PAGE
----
Your Stories

Her Catholic School kids bring Danielle into the Church

My father grew up in a small South Carolina farming community – one traffic light and a Baptist church at its center. My grandfather was a deacon in that church, and every Sunday, Daddy, along with Grandma and his two sisters, would attend services and Sunday school as a family. After church, they would return home and gather around the table for a large Sunday dinner.

For Chris, men’s conference was ‘what I need…what my family needs’

Chris Cullin signed up, and paid the $40 fee, but as the date drew near for the 2017 Men’s Conference at Our Lady of Fatima in the Jackson area, he told his wife he would not be attending. Spending seven hours at “church” didn’t sound very appealing. But circumstances led to his attendance, and Chris walked away transformed by the experience.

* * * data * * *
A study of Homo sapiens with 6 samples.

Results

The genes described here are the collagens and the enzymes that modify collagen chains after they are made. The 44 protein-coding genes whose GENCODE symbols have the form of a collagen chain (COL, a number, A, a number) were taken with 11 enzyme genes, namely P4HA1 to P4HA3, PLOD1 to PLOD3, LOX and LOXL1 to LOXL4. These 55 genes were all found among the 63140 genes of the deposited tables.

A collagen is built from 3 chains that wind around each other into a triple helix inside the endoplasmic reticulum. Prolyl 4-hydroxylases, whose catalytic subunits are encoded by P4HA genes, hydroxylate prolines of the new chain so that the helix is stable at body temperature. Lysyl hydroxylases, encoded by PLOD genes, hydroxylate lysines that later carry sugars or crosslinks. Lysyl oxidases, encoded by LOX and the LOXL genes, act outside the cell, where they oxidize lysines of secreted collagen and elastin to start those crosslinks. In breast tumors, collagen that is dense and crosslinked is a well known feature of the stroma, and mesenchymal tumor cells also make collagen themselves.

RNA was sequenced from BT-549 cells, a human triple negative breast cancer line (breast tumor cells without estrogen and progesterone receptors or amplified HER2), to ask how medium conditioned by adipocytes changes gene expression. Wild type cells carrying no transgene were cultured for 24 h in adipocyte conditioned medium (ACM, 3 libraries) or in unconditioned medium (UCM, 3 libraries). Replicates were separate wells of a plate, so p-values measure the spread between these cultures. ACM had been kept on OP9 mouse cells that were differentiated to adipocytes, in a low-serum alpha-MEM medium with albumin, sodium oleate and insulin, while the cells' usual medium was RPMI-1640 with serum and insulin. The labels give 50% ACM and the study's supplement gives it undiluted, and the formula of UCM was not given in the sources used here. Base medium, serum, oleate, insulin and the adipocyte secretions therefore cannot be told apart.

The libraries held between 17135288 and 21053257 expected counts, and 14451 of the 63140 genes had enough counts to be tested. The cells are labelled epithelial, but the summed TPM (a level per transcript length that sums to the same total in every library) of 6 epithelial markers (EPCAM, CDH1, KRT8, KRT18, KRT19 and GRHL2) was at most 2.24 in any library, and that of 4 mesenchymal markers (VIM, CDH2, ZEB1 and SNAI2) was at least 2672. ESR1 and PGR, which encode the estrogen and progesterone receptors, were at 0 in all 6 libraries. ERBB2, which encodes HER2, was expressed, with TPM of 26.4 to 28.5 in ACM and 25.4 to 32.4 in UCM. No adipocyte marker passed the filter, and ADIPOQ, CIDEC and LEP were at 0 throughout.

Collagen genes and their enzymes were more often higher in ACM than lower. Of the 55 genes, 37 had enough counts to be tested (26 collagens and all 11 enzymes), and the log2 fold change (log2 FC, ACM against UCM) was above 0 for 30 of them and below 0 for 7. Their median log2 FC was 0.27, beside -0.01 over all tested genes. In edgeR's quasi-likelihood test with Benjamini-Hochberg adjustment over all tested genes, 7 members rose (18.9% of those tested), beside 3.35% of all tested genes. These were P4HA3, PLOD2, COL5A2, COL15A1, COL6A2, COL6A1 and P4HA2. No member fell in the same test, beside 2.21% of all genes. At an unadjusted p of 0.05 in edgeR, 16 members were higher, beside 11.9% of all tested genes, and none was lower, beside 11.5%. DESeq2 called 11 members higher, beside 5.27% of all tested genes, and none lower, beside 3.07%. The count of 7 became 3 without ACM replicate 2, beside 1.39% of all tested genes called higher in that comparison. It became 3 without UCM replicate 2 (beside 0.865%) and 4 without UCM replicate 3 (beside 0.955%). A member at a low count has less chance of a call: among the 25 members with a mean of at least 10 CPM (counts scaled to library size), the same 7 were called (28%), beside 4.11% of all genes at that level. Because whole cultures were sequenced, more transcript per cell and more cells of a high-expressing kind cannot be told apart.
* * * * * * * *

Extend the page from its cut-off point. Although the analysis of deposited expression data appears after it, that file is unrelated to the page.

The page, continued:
Walking the streets of one of America's poorest cities: What is a deacon from Chelsea doing in Flint?

Would you walk the streets of one of Flint’s most depressed neighborhoods?

Deacon Mike Martin is an imposing guy. He drives a big truck. He owned a heating and cooling business in the Ann Arbor area, and is a deacon at St. Mary parish in Chelsea. When Bishop Earl Boyea launched the FAITH in Flint initiative, Deacon Mike participated in a day for deacons and, through prayer, was reminded of a call he felt to serve the poor. He reached out to Father Firestone.

‘I knew I wanted something different from life’ How God completely changed Michael

“Above all, trust in the slow work of God.” These words from a poem by Pierre Teilhard de Chardin, a Jesuit priest and renowned scientist, resonate with 54-year-old Michael McMurtray. Passionate about his faith, Michael’s recent return to Catholicism is testimony to that slow work and trust. “I better understand that everything I did was ultimately searching for God’s love; I was just looking in the wrong places,” he says. And he looked for a long time.